The holy grail of recycling: AI-powered robots

The holy grail of recycling: AI-powered robots

By Richard van Hooijdonk

Our planet is facing a serious issue. Due to rapid urbanization, people are generating a lot of waste, which is especially the case with plastic. For instance, in 2015 alone, the world produced 448 million tons of plastic waste. Most of that waste ends up in oceans, and unless we take action, we might be heading toward disaster. If we want to make our planet more sustainable, we should increase our recycling efforts. Luckily, technology is here to help us with innovative robotic solutions that make recycling as efficient as possible and keep waste out of the environment.

SamurAI sorts recyclable objects faster than humans:

SamurAI, a robotic innovation developed by Machinex, is one such solution. The robot was showcased at the Waste Expo conference in Las Vegas earlier this year. This sorting robot uses artificial intelligence (AI) to identify objects on a conveyor belt. It can recognize recyclables such as cartons, plastic bottles, and containers. After the robot identifies the object, it uses a suction cup to pick it up and place it into the correct bin. Compared to human workers, SamurAI is more efficient. Manual picking usually involves 35 picks per minute, while this sorting robot can perform up to 70 picks every minute. This will significantly reduce operating costs and improve overall productivity.

Some recycling companies have already recognized SamurAI’s potential. For instance, Lakeshore Recycling Systems, which is the biggest recycling company in Illinois, has already installed this intelligent robot in its recycling plant in Forest View, Illinois. The robot, which replaces two human workers, could save the company between $120,000 and $130,000 per year. The company’s CEO, Alan T. Handley, explains that SamurAI will help the firm to “contribute more to preserving the Earth and providing innovative as well as environmentally responsible waste and recycling solutions.”

TrashBot does the recycling for us:

Recycling is important, but not all of us are good at it. Rubicon reports that 75% of waste produced by U.S. consumers is recyclable, but only 30% gets recycled. Moreover, nine out of ten people would recycle if the process was a bit easier. The issue is that consumers aren’t always sure what can and can’t be recycled. Another problem is throwing items in the wrong recycling bins. Not only does this take time to separate at a recycling facility, but it can also contaminate other items in the same bin.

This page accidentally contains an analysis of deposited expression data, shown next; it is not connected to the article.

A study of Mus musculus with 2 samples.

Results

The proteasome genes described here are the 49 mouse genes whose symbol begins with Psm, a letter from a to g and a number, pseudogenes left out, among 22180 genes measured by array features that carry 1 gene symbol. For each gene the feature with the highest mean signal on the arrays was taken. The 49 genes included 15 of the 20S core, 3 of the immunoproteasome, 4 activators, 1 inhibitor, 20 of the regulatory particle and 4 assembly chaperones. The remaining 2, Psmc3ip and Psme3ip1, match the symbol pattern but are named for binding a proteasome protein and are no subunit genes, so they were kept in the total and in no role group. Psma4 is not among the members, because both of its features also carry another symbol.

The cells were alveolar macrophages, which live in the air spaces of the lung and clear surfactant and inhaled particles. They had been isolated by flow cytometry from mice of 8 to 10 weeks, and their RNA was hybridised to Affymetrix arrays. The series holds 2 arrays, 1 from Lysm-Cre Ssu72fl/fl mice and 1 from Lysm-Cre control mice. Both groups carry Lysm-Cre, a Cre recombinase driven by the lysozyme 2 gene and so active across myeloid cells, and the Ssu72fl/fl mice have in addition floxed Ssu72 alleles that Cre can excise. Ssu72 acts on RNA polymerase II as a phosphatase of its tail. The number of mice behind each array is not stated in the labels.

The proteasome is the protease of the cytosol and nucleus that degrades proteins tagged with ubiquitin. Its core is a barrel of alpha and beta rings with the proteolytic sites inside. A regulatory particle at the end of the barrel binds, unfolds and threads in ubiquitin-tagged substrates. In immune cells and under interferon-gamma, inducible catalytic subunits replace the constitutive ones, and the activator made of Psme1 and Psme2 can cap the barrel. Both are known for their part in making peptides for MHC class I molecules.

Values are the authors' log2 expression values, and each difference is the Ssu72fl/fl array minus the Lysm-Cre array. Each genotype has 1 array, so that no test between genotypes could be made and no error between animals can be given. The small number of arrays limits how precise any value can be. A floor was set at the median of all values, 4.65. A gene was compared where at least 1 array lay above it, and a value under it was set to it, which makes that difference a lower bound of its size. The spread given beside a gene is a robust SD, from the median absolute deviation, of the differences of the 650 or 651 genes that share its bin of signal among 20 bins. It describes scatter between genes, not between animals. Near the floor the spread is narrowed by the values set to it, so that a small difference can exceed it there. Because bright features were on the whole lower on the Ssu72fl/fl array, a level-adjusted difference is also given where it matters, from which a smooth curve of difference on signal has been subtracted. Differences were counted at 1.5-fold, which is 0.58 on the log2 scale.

Such issues encouraged the Pittsburgh-based startup CleanRobotics to develop TrashBot. TrashBot is a robotic trash can system embedded with AI. Once someone throws an object into the bin, the system will harness the power of sensors and machine learning to identify the type of the object. It will also weigh it, drain any liquids, and place it into the right bin, while providing 90% accuracy. TrashBot is perfect for larger and high-traffic locations that produce a lot of waste, such as shopping malls, stadiums, and airports. In the future, CleanRobotics is planning to add LEDs to the system to let the user know whether the item they threw away is recyclable.

Could Bin-e trash solve the waste issue in Europe?

A similar innovation was developed by a Polish tech startup called Bin-e. The team at Bin-e created a robotic trash can designed to recognize and sort rubbish according to its category. The Bin-e smart trash can is equipped with a camera and sensors, and it relies on machine learning to detect and identify the waste that’s thrown in it. After it recognizes the object, it will direct the item into the right chamber. When the chambers are full, it will notify the maintenance team to take the trash to the recycling plant. Every time someone throws an item into the bin, its computer system will collect information such as the brand and quantity of items and the data will be automatically uploaded to the cloud.

The team at Bin-e believes their innovation could reduce Europe’s waste issue, since out of 213 million tons of waste produced every year in Europe, only 30% is recycled. Bin-e could make a difference, and it will be made available in Poland and Germany, after which it will be released to other markets as well, including the Netherlands and the United Kingdom.

Many sectors today are harnessing the power of robots to perform tedious work that would take humans much longer to finish. And the recycling industry is no exception. Thanks to advances in AI, recycling robots are able to sort objects more efficiently than humans. Although this technology is still in its infancy, we shouldn’t underestimate its power, and the magnitude of its impact on the recycling industry is yet to be seen.